IDS-Partnership, the Social Science in Humanitarian Action Platform, wins two awards

Published on 2 November 2022

The Social Science in Humanitarian Action Platform (SSHAP), a partnership between the Institute of Development Studies (IDS), Anthrologica and the London School of Hygiene and Tropical Medicine, has recently received two awards. A recent brief won the Society for Medical Anthropology’s Anthropological Responses to Health Emergencies (ARHE) 2022 Policy Brief Award and Juliet Bedford, a Co-Investigator of SSHAP and Executive Director of Anthrologica, won the Marsh Award for Anthropology in the World.

The ARHE 2022 Policy Brief Award recognises outstanding application of anthropological insights to policies around health emergencies. The aim of the award is to encourage and acknowledge the contributions of anthropologists by providing the humanistic side of policy recommendations for responding to health emergencies. The winning briefing from SSHAP was ‘COVID-19 Vaccines and (Dis)Trust among Minoritised Youth in Ealing, London, United Kingdom’ by Megan Schmidt-Sane (SSHAP), Tabitha Hrynick (SSHAP), Jillian Schulte (Case Western Reserve University), Charlie Forgacz-Cooper (Youth Advisory Board), and Santiago Ripoll (SSHAP). The brief draws on in-depth interviews and focus groups with 62 youth across Ealing to contextualise youth perspectives of COVID-19 vaccination and highlight themes of trust/distrust. Building on previous work on vaccine equity in Ealing, it presents key considerations for addressing youth distrust regarding the COVID-19 vaccine. Reflecting on the achievement, co-author and Research Fellow at IDS, Megan Schmidt-Sane states:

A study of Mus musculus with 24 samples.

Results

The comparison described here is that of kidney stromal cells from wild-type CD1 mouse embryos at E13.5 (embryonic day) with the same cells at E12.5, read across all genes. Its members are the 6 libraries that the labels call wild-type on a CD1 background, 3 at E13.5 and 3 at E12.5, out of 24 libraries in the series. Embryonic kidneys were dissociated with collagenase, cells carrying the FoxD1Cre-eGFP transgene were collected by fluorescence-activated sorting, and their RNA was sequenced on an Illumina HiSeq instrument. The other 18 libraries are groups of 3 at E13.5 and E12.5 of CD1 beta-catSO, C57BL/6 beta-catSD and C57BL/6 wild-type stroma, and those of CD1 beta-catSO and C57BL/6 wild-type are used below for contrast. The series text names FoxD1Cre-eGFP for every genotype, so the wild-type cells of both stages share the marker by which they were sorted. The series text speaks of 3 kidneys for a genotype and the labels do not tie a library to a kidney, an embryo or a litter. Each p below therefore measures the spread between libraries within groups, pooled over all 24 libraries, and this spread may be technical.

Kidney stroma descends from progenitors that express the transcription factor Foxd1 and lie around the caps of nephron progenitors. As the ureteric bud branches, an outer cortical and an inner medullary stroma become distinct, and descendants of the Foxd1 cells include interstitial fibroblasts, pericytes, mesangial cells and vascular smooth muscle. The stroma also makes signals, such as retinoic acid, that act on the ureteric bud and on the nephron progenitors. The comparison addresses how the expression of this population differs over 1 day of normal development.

“We are grateful to have received this award, which recognises our team’s work and engagement with community, the voluntary and community sectors, and the local council in Ealing. It also showcases the value of an anthropological approach and taking a holistic lens to complex issues in our world today.”

The second award, from the Royal Anthropological Institute and Marsh Charitable Trust recognises an outstanding individual based outside academia who has applied anthropology or anthropological ideas in order to have a positive influence on, or help us better understand, the problems facing our world today. In reflecting on the achievements of Juliet Bedford, her work completed through SSHAP was recognised as a key element of responses to the Ebola outbreak in West Africa, Zika virus and other health emergencies.

SSHAP continues to produce outputs which integrate social science and anthropological perspectives to health and humanitarian crises, which can be accessed through the programme’s resource library.